Boot camp deal is struck

$4 million settlement is agreed to by state for 890 ex-inmates

Teens were routinely beaten

March 29, 2002|By Todd Richissin | Todd Richissin,SUN STAFF

More than two years after the state was forced to close its boot camps for juveniles because guards were beating teens, Maryland officials have agreed to pay nearly 900 former delinquents more than $4 million in cash, education assistance and attorneys' fees.

Lawyers for the juveniles and the state attorney general's office say they plan to file papers today in U.S. District Court in Baltimore asking a judge to approve the class action settlement.

The agreement could bring an end to all legal issues surrounding a particularly harsh episode in Maryland's juvenile justice program. Virtually from the time the Western Maryland camps opened in 1996 until they were closed in December 1999, guards routinely beat teens - some while handcuffed and shackled - inflicting not only cuts and bruises but at times shattered teeth and broken bones.

"It was pretty brutal, and we did not want to wrap this up and let it go away with some Wizard of Oz settlement where you get a heart and a diploma," said John P. Coale, a Washington lawyer who helped a dozen attorneys representing the juveniles negotiate with the state. "We wanted real change, and we think we achieved that."

The boot camp beatings, described in a series of articles in The Sun in 1999, have been a political liability to Lt. Gov. Kathleen Kennedy Townsend, appointed by Gov. Parris N. Glendening to oversee juvenile justice issues. And while the settlement may bring an end to legal claims, the mismanagement of the Department of Juvenile Justice is certain to be brought up during her expected campaign for governor.

Townsend's policy adviser, Michael Sarbanes, said yesterday that the settlement is in keeping with her desire to help troubled teens succeed.

"We're encouraged by the emphasis on education," he said. "We think now it's time to move on."

The agreement covers all 890 males - many of them now adults and in prison - who passed through the three Allegany County boot camps: the Savage Leadership Challenge, Meadow Mountain Leadership Challenge and Backbone Leadership Challenge.

10 to share $1 million

Ten former delinquents who were injured most severely during the beatings - suffering broken bones and teeth and severe cuts - will share $1 million, which will be paid in four annual installments.

Fifty who were beaten, but not as severely, will get $15,000 each.

All 890 former boot camp inmates will also be eligible to draw from a $2.1 million education fund. Ten former inmates can use money from the fund to pay for four years of college, with those who were most seriously injured given first opportunity at the full tuition. If anyone from that group decides not to attend a four-year college, the full tuition could go to individuals among the 50 who were injured less seriously.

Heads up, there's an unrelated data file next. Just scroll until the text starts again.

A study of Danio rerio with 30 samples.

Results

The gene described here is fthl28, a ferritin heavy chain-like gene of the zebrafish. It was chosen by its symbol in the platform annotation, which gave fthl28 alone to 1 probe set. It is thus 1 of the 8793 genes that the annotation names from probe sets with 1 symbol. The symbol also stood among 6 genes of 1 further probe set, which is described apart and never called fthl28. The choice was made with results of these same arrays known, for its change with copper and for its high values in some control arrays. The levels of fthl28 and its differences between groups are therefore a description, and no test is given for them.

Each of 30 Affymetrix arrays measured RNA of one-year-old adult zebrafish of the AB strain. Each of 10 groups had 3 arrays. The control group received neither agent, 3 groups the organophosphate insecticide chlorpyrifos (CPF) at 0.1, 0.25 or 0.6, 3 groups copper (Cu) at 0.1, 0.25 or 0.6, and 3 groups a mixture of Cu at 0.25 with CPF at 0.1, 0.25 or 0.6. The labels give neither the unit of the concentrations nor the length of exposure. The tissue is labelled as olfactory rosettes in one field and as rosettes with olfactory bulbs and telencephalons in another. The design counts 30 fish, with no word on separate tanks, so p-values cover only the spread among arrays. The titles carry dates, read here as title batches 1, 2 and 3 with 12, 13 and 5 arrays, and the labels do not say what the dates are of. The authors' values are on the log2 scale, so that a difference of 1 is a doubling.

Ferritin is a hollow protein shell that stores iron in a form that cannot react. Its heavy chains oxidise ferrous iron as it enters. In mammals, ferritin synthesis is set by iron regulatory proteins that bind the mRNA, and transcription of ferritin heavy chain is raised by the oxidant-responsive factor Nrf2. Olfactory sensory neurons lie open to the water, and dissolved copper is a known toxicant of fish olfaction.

All of the youths can draw from the fund to pay for two years of schooling, whether it be vocational training or community college.

The tuition will be paid directly to the institutions, Coale said.

Most of the money is expected to come from the state's insurance trust fund.

"Everything was settled with flexibility in mind," said Coale, who worked on the case for free with a colleague, Deborah St. Jean. He said a trusteeship will be established to administer the education fund.

The dozen other attorneys who represented the former inmates will share $690,000, bringing the total state payout to about $4.6 million.

Evelyn A.O. Darden, a Glen Burnie attorney who represented 14 of the teens, said the settlement was a small price for the state to pay given the severity of some of the beatings.

`Plain child abuse'

"What was considered to be discipline by state officials was plain child abuse perpetrated against minors who were in the care and custody of the state," she said. "That, obviously, is not acceptable."

Officials will attempt to notify the boot camp teens once the court papers are filed.

The assaults against them came to light in December 1999, when The Sun published "Charlie Squad," a four-part series that chronicled the boot camp experience of 14 delinquents. The series described how muscular guards slammed, punched and kicked the juveniles, and cited internal documents from the Department of Juvenile Justice to show the beatings were widespread.

After the series, a pattern of assaults was confirmed by a Baltimore City Circuit Court judge, the Maryland State Police and two task forces appointed by the governor.

Glendening ordered the National Guard into the boot camps to protect the youths, then ordered the camps closed altogether. Two of the three camps are now open but without the military bent.

The scandal also led to the ouster of Juvenile Justice Secretary Gilberto de Jesus and four of his top deputies.

One member of Savage Leadership Challenge's Charlie Squad will share in the $1 million set aside for those who were most severely injured, and at least four members will get $15,000 each. At least five of the 14 youths in the squad are now in adult prisons.